Wed, 13 Mar 2019 - 11:50 GMT
Former presidential candidate Ebrahim Raisi replaced Ayatollah Sadeq Amoli Larijani as head of the country's judiciary - (Reuters)
CAIRO – 13 March 2019: Controversial Iranian hard-line cleric Ebrahim Raisi may become the incoming Iran’s Supreme Leader as a successor to Ayatollah Ali Khamenei.
Less than a week after he was appointed head of the judiciary by Khamenei, Raisi was also appointed deputy chief of the country's Assembly of Experts, the clerical body responsible for choosing the country's Supreme Leader.
Raisi succeeded Ayatollah Sadeq Amoli Larijani, another potential candidate for the supreme leader post, who ran for the position of deputy chief of the Assembly of Experts but failed and is accused by rights groups of condoning widespread violations of the rights of political detainees.
It is pertinent to mention that Raisi has deep connections with the Islamic Revolutionary Guards Corps (IRGC). He is well respected thanks to his conservative views.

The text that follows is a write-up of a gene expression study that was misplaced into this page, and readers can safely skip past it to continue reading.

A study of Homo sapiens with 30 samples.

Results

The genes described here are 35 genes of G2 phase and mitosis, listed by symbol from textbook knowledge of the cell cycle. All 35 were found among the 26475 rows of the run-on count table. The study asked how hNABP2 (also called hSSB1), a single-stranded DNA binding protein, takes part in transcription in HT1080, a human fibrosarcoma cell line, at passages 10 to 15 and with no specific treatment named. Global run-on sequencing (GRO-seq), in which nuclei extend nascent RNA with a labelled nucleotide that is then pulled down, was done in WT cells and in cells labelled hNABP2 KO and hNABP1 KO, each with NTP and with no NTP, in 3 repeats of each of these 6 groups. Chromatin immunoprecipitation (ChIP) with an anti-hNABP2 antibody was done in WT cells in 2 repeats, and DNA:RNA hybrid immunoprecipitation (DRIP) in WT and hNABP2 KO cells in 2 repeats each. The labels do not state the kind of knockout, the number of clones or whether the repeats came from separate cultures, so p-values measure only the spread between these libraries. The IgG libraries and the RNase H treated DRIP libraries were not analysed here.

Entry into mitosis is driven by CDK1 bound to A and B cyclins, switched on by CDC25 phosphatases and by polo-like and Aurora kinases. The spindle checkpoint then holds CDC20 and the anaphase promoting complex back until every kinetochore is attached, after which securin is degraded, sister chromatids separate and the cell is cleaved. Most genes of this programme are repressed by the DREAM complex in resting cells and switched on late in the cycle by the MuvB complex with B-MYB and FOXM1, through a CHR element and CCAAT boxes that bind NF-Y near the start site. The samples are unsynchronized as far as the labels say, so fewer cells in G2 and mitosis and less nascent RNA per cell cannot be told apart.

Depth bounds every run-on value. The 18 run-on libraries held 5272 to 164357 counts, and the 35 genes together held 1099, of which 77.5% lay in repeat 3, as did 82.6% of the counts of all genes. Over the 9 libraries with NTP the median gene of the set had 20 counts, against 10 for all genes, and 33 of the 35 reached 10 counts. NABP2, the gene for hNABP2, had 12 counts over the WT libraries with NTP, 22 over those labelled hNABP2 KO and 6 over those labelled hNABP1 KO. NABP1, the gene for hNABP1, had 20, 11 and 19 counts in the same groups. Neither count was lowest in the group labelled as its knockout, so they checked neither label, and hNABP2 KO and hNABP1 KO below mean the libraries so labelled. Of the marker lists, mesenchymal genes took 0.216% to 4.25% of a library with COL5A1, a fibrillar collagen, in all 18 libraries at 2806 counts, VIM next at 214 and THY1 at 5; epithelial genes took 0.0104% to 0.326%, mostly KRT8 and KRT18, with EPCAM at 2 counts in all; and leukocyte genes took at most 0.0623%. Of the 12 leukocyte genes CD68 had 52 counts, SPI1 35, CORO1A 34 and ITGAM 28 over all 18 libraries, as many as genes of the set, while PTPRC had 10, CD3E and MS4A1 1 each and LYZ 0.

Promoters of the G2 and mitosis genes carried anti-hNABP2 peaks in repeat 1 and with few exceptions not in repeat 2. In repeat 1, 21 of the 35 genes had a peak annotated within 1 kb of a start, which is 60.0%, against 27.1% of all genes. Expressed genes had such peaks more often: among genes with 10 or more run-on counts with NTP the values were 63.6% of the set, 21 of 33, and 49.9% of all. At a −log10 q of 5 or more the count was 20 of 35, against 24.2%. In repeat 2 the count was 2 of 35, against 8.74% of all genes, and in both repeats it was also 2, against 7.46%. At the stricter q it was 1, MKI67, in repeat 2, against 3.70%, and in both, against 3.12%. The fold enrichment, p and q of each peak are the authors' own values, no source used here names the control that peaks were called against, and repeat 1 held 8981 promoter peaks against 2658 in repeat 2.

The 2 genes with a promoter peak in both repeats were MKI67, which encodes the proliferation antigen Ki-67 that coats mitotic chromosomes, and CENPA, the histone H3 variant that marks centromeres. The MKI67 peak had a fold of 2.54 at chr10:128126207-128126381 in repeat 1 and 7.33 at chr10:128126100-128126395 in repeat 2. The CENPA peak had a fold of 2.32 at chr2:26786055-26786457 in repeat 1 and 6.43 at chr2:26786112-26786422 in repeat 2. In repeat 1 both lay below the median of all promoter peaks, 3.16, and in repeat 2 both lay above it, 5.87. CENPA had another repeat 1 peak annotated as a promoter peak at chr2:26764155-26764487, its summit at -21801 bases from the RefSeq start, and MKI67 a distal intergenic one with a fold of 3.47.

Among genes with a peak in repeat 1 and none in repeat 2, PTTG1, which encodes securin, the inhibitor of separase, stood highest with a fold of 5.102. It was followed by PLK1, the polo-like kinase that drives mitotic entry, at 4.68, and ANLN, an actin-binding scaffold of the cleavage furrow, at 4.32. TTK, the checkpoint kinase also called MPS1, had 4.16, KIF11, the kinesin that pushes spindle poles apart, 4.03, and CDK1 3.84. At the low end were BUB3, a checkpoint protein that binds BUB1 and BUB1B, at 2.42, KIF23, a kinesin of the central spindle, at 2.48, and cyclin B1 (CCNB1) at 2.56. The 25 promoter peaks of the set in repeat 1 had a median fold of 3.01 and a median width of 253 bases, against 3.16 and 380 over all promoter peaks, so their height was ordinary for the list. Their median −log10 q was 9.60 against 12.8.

Raisi, Khamenei's protégé, is a strong candidate to succeed 79-year-old Khamenei, who is believed to have prostate cancer.
Raisi joined Iran's judiciary in 1981 as prosecutor in the city of Karaj and was promoted to deputy prosecutor general in 1985. In 1988, he played a prominent role in the mass execution of thousands of political prisoners.
Born in 1960, Raisi attended the Qom seminary and went on to become a prosecutor in the early 1980s. In 1981, he was appointed the prosecutor of Karaj. Later on, he was also appointed as Prosecutor of Hamadan.
The Center for Human Rights in Iran said Raisi should be tried for crimes against humanity. As deputy prosecutor general of Tehran, Raisi participated in a so-called “death commission” that ordered the extrajudicial executions of thousands of political prisoners in 1988.
Reports said that a secret deal has allowed Raisi to rise to power while Hassan Rouhani will remain president. Raisi lost the presidential election in 2017 to Rohani.
Raisi reportedly visited the Israel-Lebanon border in January 2018 with a delegation of Hezbollah leaders and Revolutionary Guards officers, a sign of his growing stature within Iran’s hierarchy.